IEEE International Conference on Cloud Networking
27–29 November 2024 // Rio de Janeiro, Brazil


Irene Zhang, Microsoft Research

Irene Zhang

Title: The Demikernel Datapath Architecture for Microsecond-scale Datacenter Systems


Datacenter systems and I/O devices now run at single-digit microsecond latencies, requiring nanosecond-scale operating systems. Traditional kernel-based operating systems impose an unaffordable overhead, so recent kernel-bypass OSes (e.g., Arrakis, Ix) and libraries (e.g., Caladan, eRPC) eliminate the OS kernel from the I/O datapath. However, these systems do not offer a general-purpose datapath OS replacement that meet the needs of microsecond-scale systems.  As a result, while kernel-bypass hardware is widely available in the datacenter, it is not widely used.

This talk summarizes Demikernel, a flexible datapath OS and architecture designed for heterogenous kernel-bypass devices and microsecond-scale datacenter systems. Demikernel supports a variety of kernel-bypass hardware, including DPDK, RDMA, as well as software bypass solutions like io_uring. To support microsecond-scale operation, Demikernel includes a new nanosecond-scale TCP stack, written in Rust and proposes new memory management, CPU scheduling and network abstractions. Demikernel is currently used by Bing and will go into production with Azure services later this year.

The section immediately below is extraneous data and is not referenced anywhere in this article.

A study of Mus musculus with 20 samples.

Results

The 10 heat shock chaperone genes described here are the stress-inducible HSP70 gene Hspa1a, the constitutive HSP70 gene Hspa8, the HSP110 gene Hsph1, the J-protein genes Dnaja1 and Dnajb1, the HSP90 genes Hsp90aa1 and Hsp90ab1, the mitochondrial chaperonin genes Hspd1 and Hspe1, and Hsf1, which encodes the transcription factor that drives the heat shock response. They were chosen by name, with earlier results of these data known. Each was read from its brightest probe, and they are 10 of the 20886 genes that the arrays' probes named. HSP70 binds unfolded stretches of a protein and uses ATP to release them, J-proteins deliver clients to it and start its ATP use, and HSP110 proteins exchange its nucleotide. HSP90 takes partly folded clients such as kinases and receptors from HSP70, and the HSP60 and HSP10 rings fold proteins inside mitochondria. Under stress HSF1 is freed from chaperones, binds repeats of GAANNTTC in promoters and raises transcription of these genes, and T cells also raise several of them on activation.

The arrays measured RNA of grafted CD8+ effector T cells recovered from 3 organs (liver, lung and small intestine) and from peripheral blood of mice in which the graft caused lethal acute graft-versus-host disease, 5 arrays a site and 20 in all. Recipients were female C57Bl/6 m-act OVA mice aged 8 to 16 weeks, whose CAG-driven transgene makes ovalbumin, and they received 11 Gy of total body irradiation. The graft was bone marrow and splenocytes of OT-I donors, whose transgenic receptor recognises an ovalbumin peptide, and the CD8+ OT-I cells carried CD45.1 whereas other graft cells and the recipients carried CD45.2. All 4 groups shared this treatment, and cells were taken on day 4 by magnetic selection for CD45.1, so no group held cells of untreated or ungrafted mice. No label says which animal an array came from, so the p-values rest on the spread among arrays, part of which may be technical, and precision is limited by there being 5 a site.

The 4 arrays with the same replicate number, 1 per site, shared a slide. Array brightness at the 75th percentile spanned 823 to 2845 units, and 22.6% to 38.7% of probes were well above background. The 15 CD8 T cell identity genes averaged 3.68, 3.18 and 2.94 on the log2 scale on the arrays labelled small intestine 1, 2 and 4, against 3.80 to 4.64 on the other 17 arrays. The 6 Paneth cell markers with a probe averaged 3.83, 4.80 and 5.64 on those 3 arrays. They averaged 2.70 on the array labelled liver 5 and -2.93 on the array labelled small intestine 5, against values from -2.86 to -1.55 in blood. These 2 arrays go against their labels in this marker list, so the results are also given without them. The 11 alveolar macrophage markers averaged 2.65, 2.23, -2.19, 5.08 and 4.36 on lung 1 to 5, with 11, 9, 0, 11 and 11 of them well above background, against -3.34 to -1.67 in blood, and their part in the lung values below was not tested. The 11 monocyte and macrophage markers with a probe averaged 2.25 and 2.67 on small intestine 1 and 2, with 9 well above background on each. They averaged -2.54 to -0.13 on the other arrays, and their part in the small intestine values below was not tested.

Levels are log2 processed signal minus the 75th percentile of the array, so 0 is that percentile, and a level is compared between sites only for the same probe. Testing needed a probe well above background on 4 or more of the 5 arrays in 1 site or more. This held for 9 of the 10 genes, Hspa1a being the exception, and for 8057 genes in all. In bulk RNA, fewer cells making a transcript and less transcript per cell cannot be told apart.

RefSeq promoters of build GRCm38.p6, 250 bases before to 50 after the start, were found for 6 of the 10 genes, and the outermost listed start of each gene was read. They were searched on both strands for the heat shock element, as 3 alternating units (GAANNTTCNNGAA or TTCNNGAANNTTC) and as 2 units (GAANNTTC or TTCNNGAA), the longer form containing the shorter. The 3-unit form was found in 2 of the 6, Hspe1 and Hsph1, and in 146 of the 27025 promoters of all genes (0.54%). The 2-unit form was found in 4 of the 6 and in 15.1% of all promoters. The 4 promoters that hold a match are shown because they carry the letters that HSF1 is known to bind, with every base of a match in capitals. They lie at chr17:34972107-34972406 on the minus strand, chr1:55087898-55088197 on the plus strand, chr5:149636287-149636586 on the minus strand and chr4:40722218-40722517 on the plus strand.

Irene Zhang is a Principal Researcher at Microsoft Research.  Her work focuses on datacenter operating systems and distributed systems, especially making new datacenter hardware technologies more widely usable by highly-demanding datacenter applications.  Irene completed her PhD in 2017 at the University of Washington, where her PhD thesis focused on distributed systems that span mobile devices and cloud servers. Her thesis work received the ACM SIGOPS Dennis Ritchie doctoral dissertation award and the UW Allen School William Chan Memorial dissertation award.  Before her PhD, Irene was a member of the virtual machine monitor group at VMware, where she worked on memory resource management and virtual machine checkpointing.


Fabio Kon, Universidade de São Paulo

Title: The Role of Research Software and Research Software Engineers in Science


In the 21st Century, research software has become a ubiquitous tool for scientific research in all fields. It has accelerated the advancement of science and is now an essential means of assuring the reproducibility of results and promoting open science. Fostering the development of robust and sustainable research software is key to building a solid international infrastructure for the science of the future. Research Software Engineers (RSE) are professionals who ensure the quality and robustness of research software. Nevertheless, it is often overlooked by most research institutions and funding agencies, leading to a waste of resources, duplication of work, and lack of long-term sustainability, compromising the advancement of science. In particular, in Cloud Networking research, RSEs can play a crucial role in helping to produce quality software that can be reused across the entire research community. In this case, the RSE must possess a few specific skills. In this keynote, I will give an overview of the current state of Research Software and RSEs, discussing the progress that the scientific community has made so far as well as the challenges that lie ahead of us.